5New York City's First Subway
In the 1860s, New York City's streets were an unpleasant place to be. Crime and overcrowding were making it increasingly apparent that an alternate method of public transportation was needed.
Alfred Ely Beach, publisher of Scientific American, became one of the first people to look for the solution underground. While this seems like a foregone conclusion these days, turning the inhabitants of the biggest city in the world into burrowing creatures probably seemed like a pretty crazy idea at the time. And it only got crazier when he revealed how the first subway would work: The Beach Pneumatic Transit used the same principles as those suction tubes you've probably used at your bank's drive-through, and that Callahan Auto Parts used to transport interoffice mail in the movie Tommy Boy.
Also coincidentally the home of the first steampunk face lift.
Beach's planned prototype for the system consisted of a single 312-foot-long tunnel 8 feet in diameter that would run down the length of Broadway from Warren Street to Murray Street. The tube-shaped subway cars would be controlled by a 48-ton fan that would push up to 22 passengers at a time between the two destinations, presumably with a satisfying "FWOOMP!" sound when arriving at and departing from the station.
If we're not mistaken, that guy on the left is about to be a mustache stain on the side of the tunnel.
But Beach had one major obstacle: legendarily corrupt politician William "Boss" Tweed. Since Tweed had a vested interest in keeping the aboveground streetcar companies in business and kicking money back to him, Beach knew that any proposals for developing an alternate underground system would be quickly shot down. So he instead applied for and received a permit to install pneumatic postal tubes below Broadway.
Using the postal permit as a cover, Beach put up $350,000 of his own money to fund the construction of his subway prototype. The construction was done mainly at night, in secret, and took only 58 days to construct. Once complete, the luxurious station featured frescoes, easy chairs, ornate statues and a goldfish pond to entertain passengers as they waited to ride.
This is the design of someone completely out of touch with human nature on public transport.
Oh, and did we mention that all this was built below Broadway right in front of City Hall?
"What? I had to build the postal tube big enough for my balls to fit through."
Beach's gamble seemed like it might pay off when the prototype opened to great public enthusiasm, right up until you remember that he'd spent the previous months orchestrating a covert Boss Tweed ball-stomping parade. Beach either thought he could change Tweed's mind, or merely didn't give a shit, but whichever it was, he was wrong. The project quickly died, and with it our childhood dreams of being shot through a tube like a giant blow dart.
4Boeing Plant 2
In the early 1940s, Boeing Plant 2 was one of the largest, most important buildings in the world. It was responsible for producing many of the warplanes the Allies used to win World War II, which is how Boeing Plant 2 came to be known as "the building that won World War II." Also because factories were apparently last in line when it came time to pick snappy nicknames.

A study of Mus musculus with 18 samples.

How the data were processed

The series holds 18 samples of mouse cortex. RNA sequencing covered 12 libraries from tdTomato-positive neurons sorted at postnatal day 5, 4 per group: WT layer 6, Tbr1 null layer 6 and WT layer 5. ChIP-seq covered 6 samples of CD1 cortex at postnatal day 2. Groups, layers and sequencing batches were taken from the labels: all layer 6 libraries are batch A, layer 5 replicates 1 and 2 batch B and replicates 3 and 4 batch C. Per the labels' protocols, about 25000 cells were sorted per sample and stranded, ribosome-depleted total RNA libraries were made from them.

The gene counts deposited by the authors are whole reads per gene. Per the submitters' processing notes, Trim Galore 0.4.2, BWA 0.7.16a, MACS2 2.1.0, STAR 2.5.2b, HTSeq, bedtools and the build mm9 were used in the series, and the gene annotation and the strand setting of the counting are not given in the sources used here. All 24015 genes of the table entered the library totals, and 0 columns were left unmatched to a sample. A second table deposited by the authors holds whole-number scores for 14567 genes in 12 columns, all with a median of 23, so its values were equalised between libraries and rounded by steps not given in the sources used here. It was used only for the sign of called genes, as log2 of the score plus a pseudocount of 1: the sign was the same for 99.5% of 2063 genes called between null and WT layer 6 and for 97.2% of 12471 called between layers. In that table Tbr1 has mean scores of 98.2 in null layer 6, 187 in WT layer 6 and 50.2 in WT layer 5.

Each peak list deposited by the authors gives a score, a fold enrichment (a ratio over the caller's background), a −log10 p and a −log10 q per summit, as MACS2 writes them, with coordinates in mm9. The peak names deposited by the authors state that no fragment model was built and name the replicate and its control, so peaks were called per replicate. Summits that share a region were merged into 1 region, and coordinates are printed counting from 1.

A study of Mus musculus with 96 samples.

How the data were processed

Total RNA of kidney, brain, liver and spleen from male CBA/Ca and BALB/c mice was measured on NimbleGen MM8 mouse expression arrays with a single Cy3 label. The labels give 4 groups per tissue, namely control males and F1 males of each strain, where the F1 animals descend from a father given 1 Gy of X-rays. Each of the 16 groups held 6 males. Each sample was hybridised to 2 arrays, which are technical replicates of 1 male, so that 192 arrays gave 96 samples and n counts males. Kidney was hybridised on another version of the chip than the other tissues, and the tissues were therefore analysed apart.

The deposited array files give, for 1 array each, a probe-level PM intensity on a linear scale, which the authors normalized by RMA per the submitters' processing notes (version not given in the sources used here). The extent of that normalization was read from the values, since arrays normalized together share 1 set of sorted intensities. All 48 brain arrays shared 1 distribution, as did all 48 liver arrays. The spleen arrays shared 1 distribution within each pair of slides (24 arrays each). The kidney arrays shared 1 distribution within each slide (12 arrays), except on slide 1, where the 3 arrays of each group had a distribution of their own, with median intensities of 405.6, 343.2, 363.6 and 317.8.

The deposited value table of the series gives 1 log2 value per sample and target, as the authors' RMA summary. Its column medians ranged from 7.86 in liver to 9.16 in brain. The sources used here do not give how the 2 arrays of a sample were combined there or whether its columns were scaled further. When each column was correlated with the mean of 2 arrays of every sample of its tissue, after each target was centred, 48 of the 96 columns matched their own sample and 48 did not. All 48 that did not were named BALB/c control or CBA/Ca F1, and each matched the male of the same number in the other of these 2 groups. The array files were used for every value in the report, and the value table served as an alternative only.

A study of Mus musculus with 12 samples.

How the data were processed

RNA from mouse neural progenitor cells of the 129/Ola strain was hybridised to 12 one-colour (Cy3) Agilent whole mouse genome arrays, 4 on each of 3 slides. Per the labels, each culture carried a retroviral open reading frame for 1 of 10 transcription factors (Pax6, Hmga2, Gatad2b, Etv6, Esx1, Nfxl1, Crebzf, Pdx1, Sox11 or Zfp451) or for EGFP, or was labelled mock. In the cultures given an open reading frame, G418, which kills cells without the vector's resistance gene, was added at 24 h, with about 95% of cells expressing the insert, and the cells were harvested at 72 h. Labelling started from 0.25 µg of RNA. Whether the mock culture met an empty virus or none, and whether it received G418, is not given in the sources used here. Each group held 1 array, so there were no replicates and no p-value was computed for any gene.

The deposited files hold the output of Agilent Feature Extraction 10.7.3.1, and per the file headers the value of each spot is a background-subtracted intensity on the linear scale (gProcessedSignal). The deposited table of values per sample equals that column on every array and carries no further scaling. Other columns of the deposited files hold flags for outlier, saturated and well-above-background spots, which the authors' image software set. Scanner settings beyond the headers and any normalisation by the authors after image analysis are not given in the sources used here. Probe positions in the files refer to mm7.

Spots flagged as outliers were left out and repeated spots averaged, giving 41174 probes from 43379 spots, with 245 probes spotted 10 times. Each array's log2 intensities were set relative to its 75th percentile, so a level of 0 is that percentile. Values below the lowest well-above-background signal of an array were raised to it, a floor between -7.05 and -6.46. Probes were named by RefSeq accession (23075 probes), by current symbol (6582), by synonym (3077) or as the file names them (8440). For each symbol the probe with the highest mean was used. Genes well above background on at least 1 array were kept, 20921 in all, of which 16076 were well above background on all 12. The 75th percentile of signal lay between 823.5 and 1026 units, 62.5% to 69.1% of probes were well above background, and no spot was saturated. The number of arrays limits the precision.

"'Nazi Asswhoop Cannery.' 'Death From Above Hatchery.' Really any of these would have worked, guys."
But for such a crucial factory, it sure didn't look very threatening.
The biggest building in this picture appears to be a trout farm.
Of course that was by design.
The problem with depending on one giant building to win a world war is that your enemy can drop bombs on it from as high as they want without having to worry too much about stuff like aiming and being remotely sober.
Bundesarchiv, Bild 146-1995-042-37 / Unknown / CC-BY-SA
"Pilot to bombardier ... could you bring up some more Jagermeister?"
At the height of the war, the asswhup cannery had ramped up production to as many as 12 B-17 Flying Fortresses a day. Its size of 1,776,000 square feet and location in Washington state meant that it would be the first place Japanese bombers would visit if they ever decided to fuck with American soil again.
Of course, they'd have to find the damn thing first. In a decision that surely elicited a medley of harrumphing among military brass, Boeing turned to John S. Detlie, a Hollywood set designer and art director, to use his movie magic to make the very large, very obvious building less of both of those things.
He later went on to disguise Pearl Harbor as an Oscar-winning film.
It cost a fortune at $1 million (estimated at $15 million in today's money), but when he was done Detlie had made America's most vulnerable target disappear under an entirely fake, 12-square-block neighborhood draped over the roof of the plant. What from the air appeared to be a normal suburban neighborhood -- complete with houses, streets, trees and even hills -- up close was an enormous Hollywood movie set constructed from plywood, chicken wire, burlap and a whole shitload of paint. The camouflage was so detailed that the fake roads had street signs marking them, with names like Burlap Boulevard and Synthetic Street.
"I told you Marie, Bullshit Avenue is another block down from us."
The set was dismantled after the war, and the materials used to build it were offered to Boeing employees for little to no cost. So today there are real homes that were built using bits and pieces of the fake ones that once served to hide the building that won the war. It also means that, for one fleeting moment in this one instance, Hollywood was as important as it thinks it is.